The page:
Here is a list of the PhD candidates that I am currently supervising.
Britt Broekhaus (Sociology of Development and Change)
Topic: plant-based alternatives to meat
Getu Demeke Alene (Sociology of Development and Change)
Title: ‘Development Intervention toward Food Security: An Ethnography of Productive Safety Nets Program (PSNP) Implementation in Pastoral Somali Region of Ethiopia’
Description: Aimed at addressing the chronic food security problems of rural households, Ethiopian government – in collaboration with donors – launched the Productive Safety Net Programme (PSNP) in 2005 in agrarian highlands. The central objective of this research is to investigate how Somali pastoralists entangle with PSNP. Drawing on ethnographic approach, this research specifically explores how Somali pastoralists’ local food security practices/livelihoods and socio-cultural practices reinforce each other to shape pastoralists’ (re)interpretation of and response to PSNP; how food security street-level actors and local development brokers (such as clan leaders and pastoral community associations) interact with Somali pastoralists in translating PSNP into practices.
Maria Contesse Ayala (Knowledge, Technology and Innovation)
Title: ‘Change agents facilitating ecologically intensive production and value chains’
Description: Transitioning towards ecologically and socio-economically sustainable production and marketing require combined ecological, technological, social and institutional change. Current innovation systems in Latin American countries, including Chile and Uruguay, are oriented towards high external input agriculture, and see innovation as science-driven technological change. Co-innovation, while successful at a small scale, requires work beyond the farm level. Public and private actors throughout the food system need to fulfil key change agency roles in the transition to ecologically intensive production and value chains providing knowledge and mobilizing resources.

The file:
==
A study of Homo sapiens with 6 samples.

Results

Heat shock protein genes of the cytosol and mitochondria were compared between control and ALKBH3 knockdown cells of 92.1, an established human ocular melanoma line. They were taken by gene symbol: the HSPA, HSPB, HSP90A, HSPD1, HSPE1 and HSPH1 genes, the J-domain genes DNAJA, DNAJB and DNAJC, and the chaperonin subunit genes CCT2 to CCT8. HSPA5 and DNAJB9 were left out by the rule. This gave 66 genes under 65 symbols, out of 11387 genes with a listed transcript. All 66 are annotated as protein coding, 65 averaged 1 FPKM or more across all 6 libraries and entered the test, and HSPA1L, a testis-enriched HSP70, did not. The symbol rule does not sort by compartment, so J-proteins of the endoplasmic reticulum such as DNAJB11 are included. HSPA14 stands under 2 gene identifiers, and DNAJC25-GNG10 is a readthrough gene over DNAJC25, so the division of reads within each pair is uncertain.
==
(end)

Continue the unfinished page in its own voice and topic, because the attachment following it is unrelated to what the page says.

Thais Basinello (Rural Sociology)
Title: ‘Challenges for Home-Grown School Feeding in Sub-Saharan Africa’
Description: School feeding (SF) started in all districts in Uganda in 1983 as a post-war relief intervention carried out by the United Nations’ World Food Programme (WFP). It continued during the 1990’s in conflict-affected and refugee-hosting districts as a social protection measure. By 2004, it covered approximately 400,000 beneficiaries, although since 1999 WFP’s Country Programme has focused its interventions in Karamoja, the region that presents the country’s worst socioeconomic indicators. The Government of Uganda (GoU) encourages parents to send a packed school lunch for their children (a practice that was apparently initiated in a USAID intervention), but with little adherence, especially in rural areas.
Midori Hiraga (Kyoto University)
The development trajectory of vegetable oil industry based on the global oil-crops in agro-extractivism
Description: Vegetable oils dominant in today’s food system are heavily trade-dependent commodities. The leading vegetable oils like palm oil and soybean oil are produced in very limited number of countries, which are not native locality of these oil crops; 85.4% of world supply of palm oil was produced in two countries of Indonesia and Malaysia in 2012, and the three countries of USA, Brazil, and Argentina have constantly accounted for 70 to 80 percent of global soybean production. More than 70% of palm oil produced in the world is exported, hitting the peak of 83.0% in 2005. In case of soybean, though less degree, the percentage of export against the global production has been increasing in last decade, reaching 40.2% in 2012 (FAOstat, 2015).
In order to understand how this unbalanced and unnatural structure of global vegetable oil supply has been developed, this paper focuses on the crucial crisis of fats and oils shortage caused by Japanese occupation of major oil crop producing area in WW2, and how the global governance of vegetable oil was re-structured coping with that crisis in post war period.